The mention of Kitfield in the last number of these papers leads on to the following information taken from the will of John Tully, senior, who died in August, 1703. He is described as a yeoman in his will, which is dated 1701. He leaves to “James my son my freehold Lands in Ardingly, the Malt house and buildings known as Ritfield alias Kitfield Grove containing 10 acres upon condition that he on ye twentieth day next after my decease deliver up in ye Church Porch of ye Parish Church of Ardingly between the hours of 12 and 5 to my son John to be cancelled two obligations entered into by my son John to ye said James“. The bonds are for £10 and £60 respectively.
“To my son James my customary or copyhold messuage holden of the Manor of Ditchling known as Knowles, Dences or Denches, 40 acres. my son Thomas to enjoy the messuage and land now occupied by him being part of the lands demised to me by Dennis Lyddell for term of lease on condition of payment of £26 rent to my executors. Also provided if my executors shall have occasion to inhabit the new end of ye house where ye said Thomas now dwelleth then the said Thomas is to allow it and also grant him the use of the well“.
“Also to my son James one longe teble standing in the parlour of the house wherein I now dwell and also one large joined press in the hall chamber… to my grand-daughter Sarah Tydy £5 and ye trunk and all ye small linen in ye said trunk in my hall chamber“.
It should be noticed that the Church porch is chosen as the most public place for the settlement of legal matters. The family of Tully came to Ardingly in the middle of the 16th century, the first mention being in a list of Taxpayers in 1549, when Harman Tulli is described as an alien. The name is common in Ireland and Northumberland. It is now to be found all over Sussex, although no one of the name still lives in Ardingly.
In a map of 1711 the Oast or Malt House, etc., is shown at the bottom of Kitfield, which was left to James Tully. The origin of Kitfield as a name is unknown, the only guess being that Christopher Bysh may have held it at one time. The modern house built upon it is called Knowles Mead. The map shows the lane which is now generally called Town House Lane. It is there described as “the way from the Hammer to Ardingly Street”. In another map of 1727 it is shown as “To Ardingly Hammer pond and on to Balcombe”.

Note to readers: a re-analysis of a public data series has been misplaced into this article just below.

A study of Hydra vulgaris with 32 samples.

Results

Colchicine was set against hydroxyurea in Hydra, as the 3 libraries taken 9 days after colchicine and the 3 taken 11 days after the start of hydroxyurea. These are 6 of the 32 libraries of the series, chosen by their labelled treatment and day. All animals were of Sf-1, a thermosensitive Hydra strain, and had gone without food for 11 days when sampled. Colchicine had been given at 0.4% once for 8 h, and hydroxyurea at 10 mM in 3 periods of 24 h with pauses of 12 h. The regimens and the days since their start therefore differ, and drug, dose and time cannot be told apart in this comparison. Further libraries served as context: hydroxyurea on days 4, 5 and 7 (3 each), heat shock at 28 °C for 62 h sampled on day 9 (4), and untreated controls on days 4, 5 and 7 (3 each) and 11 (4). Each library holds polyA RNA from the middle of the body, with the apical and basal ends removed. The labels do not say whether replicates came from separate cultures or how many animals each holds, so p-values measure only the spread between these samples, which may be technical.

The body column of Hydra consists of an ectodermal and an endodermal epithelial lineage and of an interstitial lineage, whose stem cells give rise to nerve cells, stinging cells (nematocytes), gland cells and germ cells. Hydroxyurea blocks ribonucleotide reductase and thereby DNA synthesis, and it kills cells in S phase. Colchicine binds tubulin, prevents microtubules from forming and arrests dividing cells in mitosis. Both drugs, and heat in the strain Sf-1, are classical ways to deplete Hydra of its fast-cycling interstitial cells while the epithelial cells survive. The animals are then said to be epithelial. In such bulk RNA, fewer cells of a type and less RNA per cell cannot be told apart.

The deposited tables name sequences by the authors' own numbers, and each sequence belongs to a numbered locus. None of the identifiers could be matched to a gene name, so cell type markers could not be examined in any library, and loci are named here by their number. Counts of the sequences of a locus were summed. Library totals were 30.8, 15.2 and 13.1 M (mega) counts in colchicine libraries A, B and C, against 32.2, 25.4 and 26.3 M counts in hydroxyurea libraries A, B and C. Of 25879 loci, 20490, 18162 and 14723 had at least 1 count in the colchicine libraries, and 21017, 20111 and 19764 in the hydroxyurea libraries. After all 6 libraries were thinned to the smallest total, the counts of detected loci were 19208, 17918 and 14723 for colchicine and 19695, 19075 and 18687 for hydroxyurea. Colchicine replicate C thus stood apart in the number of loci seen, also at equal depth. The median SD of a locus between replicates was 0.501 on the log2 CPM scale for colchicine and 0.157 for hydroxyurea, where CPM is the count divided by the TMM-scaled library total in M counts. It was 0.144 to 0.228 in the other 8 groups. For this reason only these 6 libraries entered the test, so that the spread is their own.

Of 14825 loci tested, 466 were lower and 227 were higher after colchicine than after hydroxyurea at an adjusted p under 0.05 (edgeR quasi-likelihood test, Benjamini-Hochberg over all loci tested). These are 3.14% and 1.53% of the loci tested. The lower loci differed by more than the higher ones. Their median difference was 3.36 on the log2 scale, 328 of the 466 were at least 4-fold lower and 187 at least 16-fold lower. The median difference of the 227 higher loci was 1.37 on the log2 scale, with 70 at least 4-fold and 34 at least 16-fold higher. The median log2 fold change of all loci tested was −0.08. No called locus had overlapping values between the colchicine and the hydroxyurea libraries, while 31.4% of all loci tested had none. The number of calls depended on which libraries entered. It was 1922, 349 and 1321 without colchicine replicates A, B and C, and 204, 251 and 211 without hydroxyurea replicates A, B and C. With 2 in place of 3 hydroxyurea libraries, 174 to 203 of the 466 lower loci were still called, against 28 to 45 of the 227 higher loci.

Knowles, and Dewes or Dances, which John Tully left to his son James, will be dealt with another time. The paragraph about the furniture in the house is interesting.
The inheritance left to Thomas Tully is rather puzzling, in that it is difficult to identify the house to which a new end had been added. It was a common fashion at that time to add an end to a house. Examples may be seen at Hapstead Farm, Bolney, and Town House, but there is no record of Thomas Tully living in any of these. The map of 1711 shows the land behind Church Cottages as used, i.e., rented, by Thomas Tully, but whether he lived in the house is uncertain. It certainly shows no sign of a new end. Wheeler’s field and part of Tinker’s Croft formed part of the same holding. They lie behind Jordans and the School. Wheeler’s Field gets its name from one John Wheeler, who held it sometime before 1633.
Jordans was held by James Tully in 1711, and it would fit the situation of Thomas Tully’s inheritance very well were it not that the description of the old house of Jordans, still remembered by a few, forbids the possibility of its having had a new end put on to it, if, indeed, it was in existence as long ago as 1701. There are, however, two other houses shown on the map, exclusive of the old Workhouse, which are no longer in existence. One stood almost opposite the old yew in the Churchyard and the other facing down what is now the Croft garden. The map is described as “A Mapp of the Tinker’s Croft, Wheeler’s Field and Barn, Kitfield and Barn, Kitfield Grove, the Oast House and Orchard. Freehold Lands purchased by Dennis Lyddell, Esq., of Mr. James Tully. Anno 1711“.